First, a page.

By Mike Metzger
If you want to maximize the odds that you’ll be successful — in anything — you need to set goals. No matter what you do in life, you should have a clear destination in mind, and when you think about it, a goal is a destination.
The martial arts business is like all other businesses in that success revolves around three universal goals for financial growth:
• More customers
• More transactions per customer
• More money per transaction
Too often, school owners set goals based solely on student count. That happens because they don’t understand the second and third points.
Another thing you must keep in mind is that five profit centers pertain to school growth. They are:
• New students
• Special events
Anything you do to make your school more successful should fit into one of these five categories. When setting goals for the year, try to address all five of them. The more specific you can be when creating goals, the better chance you have of accomplishing them. With that in mind, I will offer a blueprint you might wish to follow.
Know Your Numbers
To set realistic goals, you first must know your numbers. How else can you avoid establishing a goal that’s based on fantasy? It’s important to challenge yourself, but that challenge should be an attainable one. Similarly, you don’t want to set the bar low just so you can feel good about yourself when you clear it. Knowing your numbers starts with answering some basic questions:
• How much is the average customer worth to your business?
• How many new enrollments do you get each month?
• What percentage of those enrollments comes from each of your marketing efforts?
• On average, how long do students stay?
• On average, at what rank do students leave?
• On average, at what age do students quit?
The answers allow you to ascertain which areas of your business are suffering and then focus on improving them. You cannot maximize your chance of hitting the goals you establish if you don’t know where the problems are. Numbers don’t lie.
Set Your Goals
Once you know your numbers, set goals for your business. Set an overall goal for the year, then break it down into quarterly and monthly goals. Weekly goals and daily goals, even better.
Know the “Why"
Stay focused on the reason you established it and why it’s important. You’ll need more than just the satisfaction of reaching a certain number to keep you moving forward, especially when things get tough. Having a vision of what you’ll be able to do for yourself and others once you succeed can provide that motivation.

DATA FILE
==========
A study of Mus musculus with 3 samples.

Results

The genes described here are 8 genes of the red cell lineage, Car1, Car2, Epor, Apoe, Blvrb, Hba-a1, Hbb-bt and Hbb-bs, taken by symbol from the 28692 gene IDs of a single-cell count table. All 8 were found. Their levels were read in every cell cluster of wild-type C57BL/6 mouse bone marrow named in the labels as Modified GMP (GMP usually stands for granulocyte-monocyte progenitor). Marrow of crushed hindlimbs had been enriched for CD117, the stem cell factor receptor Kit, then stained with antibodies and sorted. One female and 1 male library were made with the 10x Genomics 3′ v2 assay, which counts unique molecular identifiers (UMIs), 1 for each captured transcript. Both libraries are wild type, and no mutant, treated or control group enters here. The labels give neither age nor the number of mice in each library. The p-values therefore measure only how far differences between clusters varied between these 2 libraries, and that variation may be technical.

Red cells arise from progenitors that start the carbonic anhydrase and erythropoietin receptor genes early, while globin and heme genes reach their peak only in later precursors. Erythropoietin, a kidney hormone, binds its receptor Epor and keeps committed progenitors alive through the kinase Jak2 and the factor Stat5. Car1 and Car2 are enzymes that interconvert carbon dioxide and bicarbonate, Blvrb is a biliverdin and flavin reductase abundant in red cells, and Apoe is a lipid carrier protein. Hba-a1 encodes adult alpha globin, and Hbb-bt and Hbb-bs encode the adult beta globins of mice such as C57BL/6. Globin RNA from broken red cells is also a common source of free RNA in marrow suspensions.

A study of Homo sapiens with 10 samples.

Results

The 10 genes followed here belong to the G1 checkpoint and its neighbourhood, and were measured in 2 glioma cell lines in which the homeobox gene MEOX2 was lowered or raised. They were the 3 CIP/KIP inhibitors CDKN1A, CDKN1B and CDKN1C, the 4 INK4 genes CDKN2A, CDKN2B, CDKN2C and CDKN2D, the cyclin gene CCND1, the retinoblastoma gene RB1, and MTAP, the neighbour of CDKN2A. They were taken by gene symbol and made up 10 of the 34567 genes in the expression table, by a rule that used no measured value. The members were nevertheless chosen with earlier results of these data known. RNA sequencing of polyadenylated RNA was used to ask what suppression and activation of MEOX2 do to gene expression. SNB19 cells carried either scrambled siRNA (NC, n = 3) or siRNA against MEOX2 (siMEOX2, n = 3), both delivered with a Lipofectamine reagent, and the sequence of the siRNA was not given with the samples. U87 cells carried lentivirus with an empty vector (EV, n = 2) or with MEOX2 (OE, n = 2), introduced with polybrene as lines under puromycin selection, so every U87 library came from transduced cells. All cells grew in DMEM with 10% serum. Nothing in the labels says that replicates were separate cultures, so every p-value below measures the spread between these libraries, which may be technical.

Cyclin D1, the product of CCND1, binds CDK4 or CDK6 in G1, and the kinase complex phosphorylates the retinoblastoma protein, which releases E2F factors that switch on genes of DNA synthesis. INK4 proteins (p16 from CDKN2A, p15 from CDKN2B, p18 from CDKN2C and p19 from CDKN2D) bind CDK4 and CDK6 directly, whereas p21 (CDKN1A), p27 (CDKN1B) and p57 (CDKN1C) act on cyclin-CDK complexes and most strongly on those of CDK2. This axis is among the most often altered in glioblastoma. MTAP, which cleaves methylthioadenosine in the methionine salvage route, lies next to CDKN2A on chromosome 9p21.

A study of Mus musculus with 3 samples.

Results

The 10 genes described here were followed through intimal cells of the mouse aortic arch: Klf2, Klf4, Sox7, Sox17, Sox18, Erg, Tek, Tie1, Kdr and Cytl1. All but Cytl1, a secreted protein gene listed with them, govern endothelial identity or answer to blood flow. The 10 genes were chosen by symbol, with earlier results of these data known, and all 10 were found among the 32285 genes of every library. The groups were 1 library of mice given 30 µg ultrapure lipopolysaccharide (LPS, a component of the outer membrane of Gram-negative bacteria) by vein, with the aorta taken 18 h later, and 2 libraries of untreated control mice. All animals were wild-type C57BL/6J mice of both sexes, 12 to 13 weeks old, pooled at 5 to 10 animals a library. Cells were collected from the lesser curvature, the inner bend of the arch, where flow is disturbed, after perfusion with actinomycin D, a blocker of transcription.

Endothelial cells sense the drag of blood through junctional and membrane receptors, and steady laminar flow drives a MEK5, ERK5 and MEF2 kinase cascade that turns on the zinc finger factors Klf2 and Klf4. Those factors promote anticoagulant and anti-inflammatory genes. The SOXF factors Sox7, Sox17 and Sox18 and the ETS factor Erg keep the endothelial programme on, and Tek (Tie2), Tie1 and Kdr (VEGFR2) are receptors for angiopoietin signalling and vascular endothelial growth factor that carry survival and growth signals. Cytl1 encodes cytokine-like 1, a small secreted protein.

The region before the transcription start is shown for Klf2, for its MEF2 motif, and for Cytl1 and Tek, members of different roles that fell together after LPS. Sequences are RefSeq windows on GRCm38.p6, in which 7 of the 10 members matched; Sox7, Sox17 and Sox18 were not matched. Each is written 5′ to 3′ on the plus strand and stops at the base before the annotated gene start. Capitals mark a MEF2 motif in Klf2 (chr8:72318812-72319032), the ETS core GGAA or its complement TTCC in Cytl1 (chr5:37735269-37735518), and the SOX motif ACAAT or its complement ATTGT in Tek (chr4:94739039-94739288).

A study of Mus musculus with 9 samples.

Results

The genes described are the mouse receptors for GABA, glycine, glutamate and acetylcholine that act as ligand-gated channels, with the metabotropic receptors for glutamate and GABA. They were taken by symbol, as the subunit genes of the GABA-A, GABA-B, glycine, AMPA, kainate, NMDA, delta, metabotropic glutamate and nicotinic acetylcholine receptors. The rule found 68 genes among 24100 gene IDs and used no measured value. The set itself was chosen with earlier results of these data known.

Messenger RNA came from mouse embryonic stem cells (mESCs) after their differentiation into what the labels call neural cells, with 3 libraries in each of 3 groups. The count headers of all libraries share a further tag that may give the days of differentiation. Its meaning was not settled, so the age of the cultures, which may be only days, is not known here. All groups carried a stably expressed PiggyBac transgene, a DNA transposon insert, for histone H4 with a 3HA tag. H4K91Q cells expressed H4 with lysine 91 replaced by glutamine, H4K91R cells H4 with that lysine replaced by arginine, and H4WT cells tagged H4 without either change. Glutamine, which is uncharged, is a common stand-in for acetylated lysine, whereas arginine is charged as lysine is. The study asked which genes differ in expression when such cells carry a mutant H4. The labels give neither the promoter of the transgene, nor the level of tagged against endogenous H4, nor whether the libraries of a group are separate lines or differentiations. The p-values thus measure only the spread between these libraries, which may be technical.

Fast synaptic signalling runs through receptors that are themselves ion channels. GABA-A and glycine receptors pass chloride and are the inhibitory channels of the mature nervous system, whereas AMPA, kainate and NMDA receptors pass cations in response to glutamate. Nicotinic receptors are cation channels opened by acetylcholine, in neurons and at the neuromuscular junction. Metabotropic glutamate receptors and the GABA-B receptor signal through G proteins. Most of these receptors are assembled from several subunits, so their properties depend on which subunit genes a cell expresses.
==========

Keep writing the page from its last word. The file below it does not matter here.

Be Willing to Change the Way You Think
To attain your goals, you may have to change your way of thinking about how you do business, possibly even how you teach. Remember that while making a minor change might yield a minor improvement, you may have to make a major change to reach your goal.
Create a Roadmap
Once you’ve determined what needs to be changed, you have to make a plan to do so. Whether your goal entails making a certain amount of money or getting a certain number of new students, you need to ascertain the best way to accomplish that. You must create a roadmap that will get you where you want to go.
Remember That Making Money is Ok.
Some people in our industry — and this may be the only business in the world that has professionals who think this way — believe that if you make money, you’re a sellout or a “belt factory.”
In any business, making money is important. Otherwise, the business folds.
Don't Let Fear Stop You
My final bit of advice is this: Don’t let fear get in your way. Don’t fall victim to the human tendency to make excuses that let you off the hook when it comes to making necessary changes.
A school owner says, “I make plenty of money. I’m happy. To make more money, I will need to have more than 100 students, and that will cause the quality of instruction to go down.”
Such statements are nothing but excuses. Nobody buys them except the person saying them. Successful school owners avoid thinking in ways that limit what they can accomplish.
The solution, of course, is to have the discipline to set goals and hold yourself accountable. As you work toward your ultimate goal, you’ll be tempted to make excuses about why you took certain actions. You occasionally might find yourself thinking, “The people are different here.” Or the economy isn’t doing well. Or your business is in a very small town. The statements might be valid, but they’re not valid reasons for not achieving your goals.
Stay the course. Make a decision to sacrifice today for the rewards of tomorrow. Be willing to do what others in this business aren’t willing to do.
Read the full article in the January/February 2021 edition of MASuccess, or online on the MASuccess blog.